March 27, 2015
By LIUNA General President Terry O’Sullivan
Fifty years ago, a weary but proud no-nviolent army of civil rights activists took their last steps in a 54-mile march for voting rights, pushing our nation one step closer to fulfilling its promise of equal justice for all. Led by the Reverend Dr. Martin Luther King, Jr, these heroic Americans put their lives on the line to call attention to the ongoing denial of our most fundamental right: the right to vote.
Three laid down their lives during the campaign that culminated in the march: Jimmie Lee Jackson, the Reverend James Reeb, and Viola Liuzzo. On behalf of the General Executive Board and 500,000 members of the Laborers’ International Union of North America (LIUNA), I thank all who marched, and all who supported the marchers, for their dedication, commitment, and sacrifice. Our union, our movement, and our country owes these brave champions of justice an enormous debt of gratitude that can only be repaid by continuing to protect, and to exercise, the voting rights of all Americans.
At LIUNA, we are proud that the fight for racial justice has been a part of our organizational DNA since our very founding in 1903. We are proud that our first General Executive Board included two African-American Laborers: Moses Payton and Elmo Chambers. We are proud that our very first General President, Herman Lilien, a Belgian immigrant who knew the bitter taste of prejudice himself, refused to charter separate white and black Local Unions. We are proud that our great International Union was founded by those who were targets of bigotry: African-Americans; Catholics; and immigrants from Ireland, Italy, and many other countries. Over the past 112 years, we have seen that as long as the rights of any one group of Americans are threatened or denied, the rights of all Americans are in danger.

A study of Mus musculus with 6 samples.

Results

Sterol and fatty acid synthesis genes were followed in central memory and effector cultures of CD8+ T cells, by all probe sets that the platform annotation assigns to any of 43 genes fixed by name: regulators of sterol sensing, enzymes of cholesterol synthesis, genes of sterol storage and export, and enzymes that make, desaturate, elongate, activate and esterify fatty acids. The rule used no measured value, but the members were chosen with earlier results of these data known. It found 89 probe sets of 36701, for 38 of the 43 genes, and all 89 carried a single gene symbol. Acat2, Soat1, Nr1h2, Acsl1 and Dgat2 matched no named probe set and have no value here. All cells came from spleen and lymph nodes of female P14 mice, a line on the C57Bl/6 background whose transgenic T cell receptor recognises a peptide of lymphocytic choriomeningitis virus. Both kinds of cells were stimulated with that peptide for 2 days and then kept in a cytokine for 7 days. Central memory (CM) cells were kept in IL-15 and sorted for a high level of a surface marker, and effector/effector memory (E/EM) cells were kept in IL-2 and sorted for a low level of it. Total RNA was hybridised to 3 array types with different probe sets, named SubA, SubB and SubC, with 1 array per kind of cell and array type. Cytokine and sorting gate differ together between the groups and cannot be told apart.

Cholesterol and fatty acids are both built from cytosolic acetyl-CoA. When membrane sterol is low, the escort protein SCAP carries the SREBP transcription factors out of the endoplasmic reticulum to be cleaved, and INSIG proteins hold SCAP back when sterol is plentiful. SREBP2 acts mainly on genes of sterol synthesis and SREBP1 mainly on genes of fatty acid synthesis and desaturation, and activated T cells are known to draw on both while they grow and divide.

Sadly, even as we mark the 50th anniversary of the Selma to Montgomery March, we are faced with efforts to turn back the clock. Overly restrictive voter ID laws, increased barriers to voter participation, and brazen attempts to suppress voter turnout continue to tear at the very fabric of our great democracy. But just as the marchers of Selma would not be deterred in their righteous battle for freedom, so we will not be deterred in our defense of their accomplishments. These courageous men and women of all races, religions, and nationalities bequeathed to us a stronger, better, more inclusive republic. It is our sacred duty to honor, protect, and preserve that bequest.